Given the discussions in earlier chapters about the prevalence of objects within the CLI type system, it is no surprise that generics are also objects. In fact, the type parameter on a generic class becomes metadata that the runtime uses to build appropriate classes when needed. Generics, therefore, support inheritance, polymorphism, and encapsulation. With generics, you can define methods, properties, fields, classes, interfaces, and delegates.
To achieve this, generics require support from the underlying runtime. So, the addition of generics to the C# language is a feature of both the compiler and the platform. To avoid boxing, for example, the implementation of generics is different for value-based type parameters than for generics with reference type parameters.
Instantiating Generics Based on Value Types
When a generic type is first constructed with a value type as a type parameter, the runtime creates a specialized generic type with the supplied type parameter(s) placed appropriately in the CIL. Therefore, the runtime creates new specialized generic types for each new parameter value type.
For example, suppose some code declared a Stack constructed of integers, as shown in Listing 11.41.
Example 11.41. Stack<int> Definition
When using this type, Stack<int>, for the first time, the runtime generates a specialized version of the Stack class with int substituted for its type parameter. From then on, whenever the code uses a Stack<int>, the runtime reuses the generated specialized Stack<int> class. In Listing 11.42, you declare two instances of a Stack<int>, both using the code already generated by the runtime for a Stack<int>.
Example 11.42. Declaring Variables of Type Stack<T>
Stack<int> stackOne = new Stack<int>(); Stack<int> stackTwo = new Stack<int>();
If later in the code, you create another Stack with a different value type as its type parameter (such as a long or a user-defined struct), the runtime generates another version of the generic type. The benefit of specialized value type classes is better performance. Furthermore, the code is able to avoid conversions and boxing because each specialized generic class "natively" contains the value type.
Instantiating Generics Based on Reference Types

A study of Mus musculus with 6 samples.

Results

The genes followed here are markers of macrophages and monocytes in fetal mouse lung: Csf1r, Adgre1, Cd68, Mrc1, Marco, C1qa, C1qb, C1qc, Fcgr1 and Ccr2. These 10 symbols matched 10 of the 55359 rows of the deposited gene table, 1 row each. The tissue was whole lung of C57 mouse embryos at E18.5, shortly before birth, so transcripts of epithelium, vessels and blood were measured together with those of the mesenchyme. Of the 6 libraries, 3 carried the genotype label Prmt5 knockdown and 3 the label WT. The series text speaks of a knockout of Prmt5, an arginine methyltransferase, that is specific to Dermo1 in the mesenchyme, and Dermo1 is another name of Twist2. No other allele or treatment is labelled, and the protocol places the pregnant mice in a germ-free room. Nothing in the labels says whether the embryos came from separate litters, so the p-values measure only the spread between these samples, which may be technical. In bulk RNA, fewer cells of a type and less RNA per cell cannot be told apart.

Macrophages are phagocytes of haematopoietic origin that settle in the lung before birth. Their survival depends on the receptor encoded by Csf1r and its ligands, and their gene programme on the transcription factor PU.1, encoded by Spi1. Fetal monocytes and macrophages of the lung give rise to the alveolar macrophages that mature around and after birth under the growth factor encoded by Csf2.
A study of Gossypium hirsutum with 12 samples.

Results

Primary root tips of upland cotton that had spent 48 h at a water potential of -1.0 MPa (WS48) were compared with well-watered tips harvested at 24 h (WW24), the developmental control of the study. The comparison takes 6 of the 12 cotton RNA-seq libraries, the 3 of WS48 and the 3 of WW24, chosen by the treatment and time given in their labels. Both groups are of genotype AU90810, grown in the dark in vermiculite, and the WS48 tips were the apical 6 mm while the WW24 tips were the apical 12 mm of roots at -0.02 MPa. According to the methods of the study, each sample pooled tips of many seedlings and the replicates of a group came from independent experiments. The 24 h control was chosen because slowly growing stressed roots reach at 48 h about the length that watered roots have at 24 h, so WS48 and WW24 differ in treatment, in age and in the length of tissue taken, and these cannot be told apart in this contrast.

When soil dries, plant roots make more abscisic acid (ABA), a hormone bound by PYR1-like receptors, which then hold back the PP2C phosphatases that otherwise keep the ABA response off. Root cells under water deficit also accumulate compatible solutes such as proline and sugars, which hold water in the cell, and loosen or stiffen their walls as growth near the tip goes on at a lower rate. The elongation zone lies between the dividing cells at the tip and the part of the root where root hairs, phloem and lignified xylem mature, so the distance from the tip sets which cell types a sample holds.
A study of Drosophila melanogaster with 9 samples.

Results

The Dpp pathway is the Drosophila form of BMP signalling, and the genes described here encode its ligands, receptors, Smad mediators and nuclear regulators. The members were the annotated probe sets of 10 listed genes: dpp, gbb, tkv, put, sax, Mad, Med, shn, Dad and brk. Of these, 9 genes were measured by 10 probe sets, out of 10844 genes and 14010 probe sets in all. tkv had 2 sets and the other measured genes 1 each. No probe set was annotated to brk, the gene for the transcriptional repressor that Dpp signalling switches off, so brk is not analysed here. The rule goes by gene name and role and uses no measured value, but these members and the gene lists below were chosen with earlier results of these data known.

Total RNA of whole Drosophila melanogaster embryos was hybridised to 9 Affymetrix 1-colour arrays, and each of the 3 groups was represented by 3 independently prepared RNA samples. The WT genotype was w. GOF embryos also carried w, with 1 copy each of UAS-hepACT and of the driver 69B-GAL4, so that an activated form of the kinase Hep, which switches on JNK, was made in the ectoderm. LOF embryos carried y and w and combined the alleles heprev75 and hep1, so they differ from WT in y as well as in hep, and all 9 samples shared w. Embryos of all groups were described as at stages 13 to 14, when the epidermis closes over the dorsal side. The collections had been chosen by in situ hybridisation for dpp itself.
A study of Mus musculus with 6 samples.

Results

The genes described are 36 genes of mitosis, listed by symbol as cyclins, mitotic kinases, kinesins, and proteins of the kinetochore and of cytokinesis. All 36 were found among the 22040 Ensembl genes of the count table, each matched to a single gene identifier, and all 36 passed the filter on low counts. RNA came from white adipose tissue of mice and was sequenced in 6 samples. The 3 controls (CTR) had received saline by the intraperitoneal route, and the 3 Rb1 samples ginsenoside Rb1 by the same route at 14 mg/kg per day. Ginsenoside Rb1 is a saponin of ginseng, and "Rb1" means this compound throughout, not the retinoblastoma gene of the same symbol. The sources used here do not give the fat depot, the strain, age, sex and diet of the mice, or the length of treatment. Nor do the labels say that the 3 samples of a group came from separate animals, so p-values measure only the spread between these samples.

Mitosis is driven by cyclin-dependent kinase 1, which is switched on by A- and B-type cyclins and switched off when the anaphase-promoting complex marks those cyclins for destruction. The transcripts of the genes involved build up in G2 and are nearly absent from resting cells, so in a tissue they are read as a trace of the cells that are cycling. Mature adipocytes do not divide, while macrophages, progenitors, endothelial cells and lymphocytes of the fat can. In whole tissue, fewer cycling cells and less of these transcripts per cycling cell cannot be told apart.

Generics work slightly differently for reference types. The first time a generic type is constructed with a reference type, the runtime creates a specialized generic type with object references substituted for type parameters in the CIL, not a specialized generic type based on the type parameter. Each subsequent time a constructed type is instantiated with a reference type parameter, the runtime reuses the previously generated version of the generic type, even if the reference type is different from the first reference type.
For example, suppose you have two reference types, a Customer class and an Order class, and you create an EntityDictionary of Customer types, like so:
EntityDictionary<Guid, Customer> customers;
Prior to accessing this class, the runtime generates a specialized version of the EntityDictionary class that, instead of storing Customer as the specified data type, stores object references. Suppose the next line of code creates an EntityDictionary of another reference type, called Order:
EntityDictionary<Guid, Order> orders = new EntityDictionary<Guid, Order>();
Unlike value types, no new specialized version of the EntityDictionary class is created for the EntityDictionary that uses the Order type. Instead, an instance of the version of EntityDictionary that uses object references is instantiated and the orders variable is set to reference it.
To still gain the advantage of type safety, for each object reference substituted in place of the type parameter, an area of memory for an Order type is specifically allocated and the pointer is set to that memory reference. Suppose you then encountered a line of code to instantiate an EntityDictionary of a Customer type as follows:
customers = new EntityDictionary<Guid, Customer>();
As with the previous use of the EntityDictionary class created with the Order type, another instance of the specialized EntityDictionary class (the one based on object references) is instantiated and the pointers contained therein are set to reference a Customer type specifically. This implementation of generics greatly reduces code bloat by reducing to one the number of specialized classes created by the compiler for generic classes of reference types.
Even though the runtime uses the same internal generic type definition when the type parameter on a generic reference type varies, this behavior is superseded if the type parameter is a value type. Dictionary<int, Customer>, Dictionary<Guid, Order>, and Dictionary<long, Order> will require new internal type definitions, for example.